Where to get the best free views of Stockholm

With its beautifully preserved medieval old town, numerous green lungs and quaint districts, the low rise city built across 14 islands lying on a shiny archipelago – Stockholm can justly be proud of its reputation as one of the most beautiful cities in Europe.

But where can you get those picture perfect, birds eye view shots of Stockholm? There are paid attractions such as SkyView Stockholm but what if, like me, you are a budget conscious traveller? Where can you get amazing views of the city by paying only in terms of effort to climb up?

Here’s some suggestions from me 🙂

Katarina Hissen

The highest point on the list, and the most visible and accessible.

Katarina Hissen, greets you just next to the exit of Slussen station (in the direction of the city). Located on the hily island of Sodermalm (Southern Hills) the structure overlooks the whole of Stockholm City. A hissen is a lift, it was constructed in 1881 when elevators and lifts were new to connect the lower level Slussen area with the elevated Mosebacke torg. The lift was shut in 2010 because the actual elevator component was considered structurally unsafe, there are plans to renovate the lift so that it is operational again – slated for 2019.

The bridge area of the lift is today occupied by a restaurant, the Gondolen with a cocktail lounge that serves both Swedish and international food with a spectacular city backdrop.

The restaurant is sheltered and enclosed so you won’t freeze, don’t worry 😉

NOTE: Walking to the bridge is completely free, do not listen to anyone who tries to tell you that you need to pay to get on the bridge.



The Katarina Hissen is located on high ground and not everyone takes well to heights (I don’t just mean people with acrophobia, but people in general) in that case walk in the opposite direction of the Katarina Hissen in the direction of the Hilton Hotel to another lookout point called Monteliusvagen.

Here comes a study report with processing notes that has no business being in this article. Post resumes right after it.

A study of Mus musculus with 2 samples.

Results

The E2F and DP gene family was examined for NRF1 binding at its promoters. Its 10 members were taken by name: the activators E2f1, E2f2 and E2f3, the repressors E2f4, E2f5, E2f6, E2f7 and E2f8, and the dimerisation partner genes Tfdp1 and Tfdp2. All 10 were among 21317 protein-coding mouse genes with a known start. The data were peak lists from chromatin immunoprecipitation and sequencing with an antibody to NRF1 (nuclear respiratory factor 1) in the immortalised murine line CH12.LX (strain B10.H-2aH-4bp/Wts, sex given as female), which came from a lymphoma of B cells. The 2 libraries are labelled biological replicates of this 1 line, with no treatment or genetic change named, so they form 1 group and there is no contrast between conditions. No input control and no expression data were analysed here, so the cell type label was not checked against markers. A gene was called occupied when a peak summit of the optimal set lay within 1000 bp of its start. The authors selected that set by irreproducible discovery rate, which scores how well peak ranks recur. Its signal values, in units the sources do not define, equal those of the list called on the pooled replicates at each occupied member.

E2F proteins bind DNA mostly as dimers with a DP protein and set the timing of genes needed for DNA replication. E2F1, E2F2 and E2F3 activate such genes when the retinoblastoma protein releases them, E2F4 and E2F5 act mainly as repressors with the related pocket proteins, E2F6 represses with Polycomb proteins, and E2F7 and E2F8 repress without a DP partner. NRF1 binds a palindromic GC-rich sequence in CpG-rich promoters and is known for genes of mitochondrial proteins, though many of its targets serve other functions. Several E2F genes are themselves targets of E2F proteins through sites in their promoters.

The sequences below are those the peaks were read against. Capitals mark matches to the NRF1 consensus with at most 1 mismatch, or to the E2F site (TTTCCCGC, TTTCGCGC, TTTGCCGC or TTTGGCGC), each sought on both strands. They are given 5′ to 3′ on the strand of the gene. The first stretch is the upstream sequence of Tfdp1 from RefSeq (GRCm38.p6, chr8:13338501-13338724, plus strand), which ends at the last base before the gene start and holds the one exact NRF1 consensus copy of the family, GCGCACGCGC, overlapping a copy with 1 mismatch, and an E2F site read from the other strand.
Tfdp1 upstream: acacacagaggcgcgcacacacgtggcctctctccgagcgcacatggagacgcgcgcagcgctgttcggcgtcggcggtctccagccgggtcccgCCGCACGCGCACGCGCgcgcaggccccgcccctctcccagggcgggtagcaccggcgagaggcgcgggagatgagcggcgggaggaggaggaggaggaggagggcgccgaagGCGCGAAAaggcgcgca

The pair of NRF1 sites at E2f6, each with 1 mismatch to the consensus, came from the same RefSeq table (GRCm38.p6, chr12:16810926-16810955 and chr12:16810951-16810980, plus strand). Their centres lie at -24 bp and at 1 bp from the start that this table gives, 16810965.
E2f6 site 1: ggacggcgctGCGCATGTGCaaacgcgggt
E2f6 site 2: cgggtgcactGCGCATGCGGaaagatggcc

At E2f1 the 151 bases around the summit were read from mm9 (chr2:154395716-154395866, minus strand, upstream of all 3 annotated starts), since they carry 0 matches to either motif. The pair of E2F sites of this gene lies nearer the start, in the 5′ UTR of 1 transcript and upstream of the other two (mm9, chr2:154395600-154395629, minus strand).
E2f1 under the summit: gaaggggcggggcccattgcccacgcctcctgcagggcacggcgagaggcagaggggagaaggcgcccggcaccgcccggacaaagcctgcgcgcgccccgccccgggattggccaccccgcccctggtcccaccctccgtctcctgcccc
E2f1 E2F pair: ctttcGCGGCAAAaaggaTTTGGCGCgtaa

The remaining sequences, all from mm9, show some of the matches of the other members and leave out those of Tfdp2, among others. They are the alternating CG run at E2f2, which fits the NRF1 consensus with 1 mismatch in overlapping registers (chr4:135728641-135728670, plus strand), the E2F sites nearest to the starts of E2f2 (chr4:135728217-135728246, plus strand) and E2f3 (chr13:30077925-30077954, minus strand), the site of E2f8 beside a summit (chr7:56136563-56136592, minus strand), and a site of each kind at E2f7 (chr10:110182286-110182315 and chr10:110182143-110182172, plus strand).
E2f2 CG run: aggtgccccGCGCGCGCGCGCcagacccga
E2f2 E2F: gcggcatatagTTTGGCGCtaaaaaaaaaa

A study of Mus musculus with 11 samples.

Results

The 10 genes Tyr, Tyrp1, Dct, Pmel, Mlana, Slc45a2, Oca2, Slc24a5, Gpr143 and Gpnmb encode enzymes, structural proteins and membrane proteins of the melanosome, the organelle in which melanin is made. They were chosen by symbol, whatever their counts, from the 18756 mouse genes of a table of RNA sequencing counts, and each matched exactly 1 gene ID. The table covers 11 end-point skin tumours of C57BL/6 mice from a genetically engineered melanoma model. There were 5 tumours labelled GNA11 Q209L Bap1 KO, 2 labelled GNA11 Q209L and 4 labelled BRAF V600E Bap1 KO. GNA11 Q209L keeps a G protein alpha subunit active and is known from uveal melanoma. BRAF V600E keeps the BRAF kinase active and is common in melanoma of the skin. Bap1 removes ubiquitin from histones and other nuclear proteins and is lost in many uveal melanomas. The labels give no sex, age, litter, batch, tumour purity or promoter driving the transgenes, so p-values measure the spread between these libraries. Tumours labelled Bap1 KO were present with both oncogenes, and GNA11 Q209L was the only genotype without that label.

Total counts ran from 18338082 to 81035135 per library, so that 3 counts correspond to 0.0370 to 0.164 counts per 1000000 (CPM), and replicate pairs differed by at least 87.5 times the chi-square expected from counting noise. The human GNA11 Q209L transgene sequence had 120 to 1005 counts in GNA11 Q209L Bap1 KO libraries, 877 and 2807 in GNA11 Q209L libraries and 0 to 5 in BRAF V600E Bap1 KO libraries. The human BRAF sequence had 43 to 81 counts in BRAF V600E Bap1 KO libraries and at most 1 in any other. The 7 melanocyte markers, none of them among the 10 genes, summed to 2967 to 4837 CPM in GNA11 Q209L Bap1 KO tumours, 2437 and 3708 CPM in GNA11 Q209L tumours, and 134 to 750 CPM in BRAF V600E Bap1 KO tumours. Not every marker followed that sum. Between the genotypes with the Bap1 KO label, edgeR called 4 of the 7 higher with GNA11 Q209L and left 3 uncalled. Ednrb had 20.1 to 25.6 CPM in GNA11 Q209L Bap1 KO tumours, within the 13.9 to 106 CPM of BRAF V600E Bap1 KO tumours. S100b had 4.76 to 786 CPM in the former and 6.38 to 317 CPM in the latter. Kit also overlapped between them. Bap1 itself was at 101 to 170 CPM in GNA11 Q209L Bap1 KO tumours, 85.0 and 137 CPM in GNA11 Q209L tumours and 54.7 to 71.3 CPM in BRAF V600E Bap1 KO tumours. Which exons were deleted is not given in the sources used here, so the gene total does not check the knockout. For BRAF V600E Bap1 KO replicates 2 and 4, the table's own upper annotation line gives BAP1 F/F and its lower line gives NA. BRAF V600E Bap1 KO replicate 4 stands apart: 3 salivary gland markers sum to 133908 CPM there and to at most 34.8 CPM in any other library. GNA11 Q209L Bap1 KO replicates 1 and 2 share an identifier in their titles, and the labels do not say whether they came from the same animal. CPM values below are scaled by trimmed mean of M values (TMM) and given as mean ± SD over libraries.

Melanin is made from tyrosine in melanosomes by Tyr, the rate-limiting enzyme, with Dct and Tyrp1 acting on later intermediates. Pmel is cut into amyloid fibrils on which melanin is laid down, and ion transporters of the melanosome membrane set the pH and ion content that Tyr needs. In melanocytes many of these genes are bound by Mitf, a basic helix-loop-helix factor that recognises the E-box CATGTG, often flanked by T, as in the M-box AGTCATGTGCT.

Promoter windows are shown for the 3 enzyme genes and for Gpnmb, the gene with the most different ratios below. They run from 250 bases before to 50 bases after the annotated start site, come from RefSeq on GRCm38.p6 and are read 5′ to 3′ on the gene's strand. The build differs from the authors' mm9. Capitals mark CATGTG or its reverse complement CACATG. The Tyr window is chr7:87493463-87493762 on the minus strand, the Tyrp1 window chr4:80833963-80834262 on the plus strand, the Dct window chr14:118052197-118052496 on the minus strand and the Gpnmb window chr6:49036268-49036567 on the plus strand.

Unlike the Katarina Hissen which is a man made bridge, the Monteliusvagen is carved out from the hills and there is a solid natural barrier preventing you from getting too close to the edges.

The Monteliusvagen lookout point also has the advantage of being next to the quaint Mariahissen another lift, which was made in a neo-Gothic style. What I like about the lift is its connection to other houses around the area – its worth getting lost here.


Katarinavagen and Fjällgatan

Next to the Katarina’s Lift, is another set of hilly paths and lookout points that lookout into the city.

Whereas the two I mentioned previously give you an amazing view of the old town and the city area, Katarinavagen and Fjällgatan include the major green lung of the city – Djurgården. Depending on the time of day your view might be disrupted/complemented (however you like it) by a Siljia or Viking Line Cruise ship (usually traveling to Helsinki in Finland or Tallinn in Estonia).



The cafe in Fotografiska also has an amazing lookout into the city.

Granted this isn’t absolutely free, since you need to pay for entry into the Fotografiska before you can enter the cafe, but if a trip to the museum is on the cards than this cafe is certainly worth stopping and having a fika at.



The last suggestion on the island of Sodermalm is Skinnarviksberget, the highest natural point in the city area. This viewing area places the district of Kungsholmen at the centre of your view and is great for picnics – I think the others have better views but not the environment for a picnic.



Most lookout points are located at the southern side of Stockholm, this one is no exception. Except its on a different island.

The island of Långholmen is beautiful on its own although amazing views of the city can also be had from the Västerbron bridge and on the east side of the island – Långholmens Klippbad.